If President Rodrigo Duterte thought U.S. President Donald Trump would feel oh-so-sad over the termination of the Visiting Forces Agreement (VFA), then he’s mistaken.
Trump told reporters yesterday that he wasn’t at all bothered by Duterte’s unilateral decision to cancel the VFA, which gives the U.S. jurisdiction over crimes committed by American servicemen in the Philippines. Trump even used it as an opportunity to remind the Philippine government that U.S. forces helped them win the Marawi Siege, when ISIS-affiliated rebels took over the Mindanao city.
“Well, I never minded that very much, to be honest,” Trump told reporters at the White House. “We helped the Philippines very much. We helped them defeat ISIS… I don’t really mind if they would like to do that; it will save a lot of money. My views are different from others.”
Trump added, however, that he has a “very good relationship” with Duterte, AFP reports.
“[W]e’ll see what happens,” he said.
Trump’s reaction runs contrary to Duterte’s public claim that the similarly mercurial U.S. leader was trying to “save” the VFA, which Duterte terminated after the U.S. pissed him off by canceling the visa of his ally, Senator Ronald dela Rosa. After his motives were publicly questioned, even by figures supportive of the move, Duterte maintained that he wanted to end the agreement in retaliation for the injustices that the Americans have done to Filipinos.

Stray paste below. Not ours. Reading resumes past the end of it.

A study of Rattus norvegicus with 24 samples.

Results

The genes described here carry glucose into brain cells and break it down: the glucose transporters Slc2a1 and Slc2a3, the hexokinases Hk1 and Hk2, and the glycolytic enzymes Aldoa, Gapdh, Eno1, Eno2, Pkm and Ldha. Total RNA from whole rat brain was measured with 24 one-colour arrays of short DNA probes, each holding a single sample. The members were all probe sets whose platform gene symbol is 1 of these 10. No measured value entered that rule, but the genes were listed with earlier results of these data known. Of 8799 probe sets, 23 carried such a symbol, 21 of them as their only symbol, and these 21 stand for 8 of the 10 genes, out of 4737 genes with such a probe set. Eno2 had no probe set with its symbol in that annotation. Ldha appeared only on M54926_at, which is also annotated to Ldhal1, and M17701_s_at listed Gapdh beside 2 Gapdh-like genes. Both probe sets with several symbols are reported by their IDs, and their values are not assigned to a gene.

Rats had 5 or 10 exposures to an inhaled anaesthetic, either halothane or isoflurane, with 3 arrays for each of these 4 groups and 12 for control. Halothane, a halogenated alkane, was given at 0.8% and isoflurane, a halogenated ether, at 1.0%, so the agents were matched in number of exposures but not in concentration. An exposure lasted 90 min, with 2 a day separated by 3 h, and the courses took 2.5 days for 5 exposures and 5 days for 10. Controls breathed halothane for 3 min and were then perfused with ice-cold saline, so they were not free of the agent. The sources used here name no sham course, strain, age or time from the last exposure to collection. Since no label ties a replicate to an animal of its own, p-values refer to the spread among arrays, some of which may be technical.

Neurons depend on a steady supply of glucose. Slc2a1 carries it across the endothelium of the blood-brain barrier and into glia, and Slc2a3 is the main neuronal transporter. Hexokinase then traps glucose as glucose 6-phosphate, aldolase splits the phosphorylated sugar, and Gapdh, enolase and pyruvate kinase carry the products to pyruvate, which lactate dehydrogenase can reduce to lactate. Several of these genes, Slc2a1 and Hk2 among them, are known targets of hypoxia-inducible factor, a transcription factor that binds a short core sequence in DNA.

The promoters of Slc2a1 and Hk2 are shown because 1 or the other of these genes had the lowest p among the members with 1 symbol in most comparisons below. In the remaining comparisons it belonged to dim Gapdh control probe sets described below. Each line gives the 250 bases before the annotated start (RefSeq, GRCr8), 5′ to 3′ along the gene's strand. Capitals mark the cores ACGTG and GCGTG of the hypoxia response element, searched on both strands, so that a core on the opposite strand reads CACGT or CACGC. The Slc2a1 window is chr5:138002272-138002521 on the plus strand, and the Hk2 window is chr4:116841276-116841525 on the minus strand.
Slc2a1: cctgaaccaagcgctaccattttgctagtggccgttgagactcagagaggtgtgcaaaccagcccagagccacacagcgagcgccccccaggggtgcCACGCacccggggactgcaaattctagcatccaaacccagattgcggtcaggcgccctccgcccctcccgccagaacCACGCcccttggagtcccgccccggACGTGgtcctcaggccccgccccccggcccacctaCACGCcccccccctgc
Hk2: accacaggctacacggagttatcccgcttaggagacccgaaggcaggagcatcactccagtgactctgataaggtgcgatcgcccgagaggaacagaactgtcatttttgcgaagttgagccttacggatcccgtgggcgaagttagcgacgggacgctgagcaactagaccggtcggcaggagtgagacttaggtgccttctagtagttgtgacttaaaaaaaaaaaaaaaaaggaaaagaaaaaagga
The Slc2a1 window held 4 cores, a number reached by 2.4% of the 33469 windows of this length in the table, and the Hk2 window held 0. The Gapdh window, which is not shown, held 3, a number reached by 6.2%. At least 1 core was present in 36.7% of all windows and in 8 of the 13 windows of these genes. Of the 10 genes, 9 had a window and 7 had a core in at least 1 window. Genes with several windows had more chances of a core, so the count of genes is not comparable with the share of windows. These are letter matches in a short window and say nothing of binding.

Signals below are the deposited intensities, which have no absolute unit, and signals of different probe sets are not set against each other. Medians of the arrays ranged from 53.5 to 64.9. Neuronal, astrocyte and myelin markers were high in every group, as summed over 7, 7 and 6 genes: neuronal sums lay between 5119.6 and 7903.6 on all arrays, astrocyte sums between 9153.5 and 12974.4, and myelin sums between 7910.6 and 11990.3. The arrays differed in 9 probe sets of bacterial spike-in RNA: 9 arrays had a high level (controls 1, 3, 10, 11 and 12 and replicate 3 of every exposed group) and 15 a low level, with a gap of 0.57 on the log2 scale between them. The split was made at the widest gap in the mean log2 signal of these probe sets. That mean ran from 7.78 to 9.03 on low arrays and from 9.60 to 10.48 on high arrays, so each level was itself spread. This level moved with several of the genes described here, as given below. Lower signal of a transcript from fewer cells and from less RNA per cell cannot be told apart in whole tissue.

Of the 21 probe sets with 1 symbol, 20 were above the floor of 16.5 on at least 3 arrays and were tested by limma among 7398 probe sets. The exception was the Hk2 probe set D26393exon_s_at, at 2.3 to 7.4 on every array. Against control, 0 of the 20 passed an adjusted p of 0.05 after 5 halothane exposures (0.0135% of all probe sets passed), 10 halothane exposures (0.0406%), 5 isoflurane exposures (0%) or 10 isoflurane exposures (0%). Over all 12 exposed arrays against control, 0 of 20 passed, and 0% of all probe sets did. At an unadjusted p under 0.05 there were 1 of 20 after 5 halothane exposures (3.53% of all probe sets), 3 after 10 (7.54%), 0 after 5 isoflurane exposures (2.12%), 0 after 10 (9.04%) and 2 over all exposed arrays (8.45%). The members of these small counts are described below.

After initially appearing to have second thoughts, the temperamental Duterte ultimately pushed through with his plan, despite being warned by at least one ally that the Philippines had “a lot” to lose if the VFA were junked.
Unlike Trump, U.S. Defense Secretary Mark Esper had already expressed concern over the VFA’s termination, saying on Tuesday that it was a “move in the wrong direction.”
Today, presidential spokesman Salvador Panelo sought to paint Duterte’s decision as a push for greater self-reliance on the part of the Philippines.
“As the President says, if we keep on relying on the United States [for] our defense, our defenses will always remain stagnant or weak,” he told cable channel ANC. “We have to strengthen our own defense. We cannot be forever relying on the Americans for our defenses.”
Though the impact of the VFA’s termination on overall Philippine-U.S. relations remains to be seen, it does not explicitly negate the two countries’ Mutual Defense Treaty, which requires the U.S. to come to the Philippines’ aid if it is attacked, or vice versa.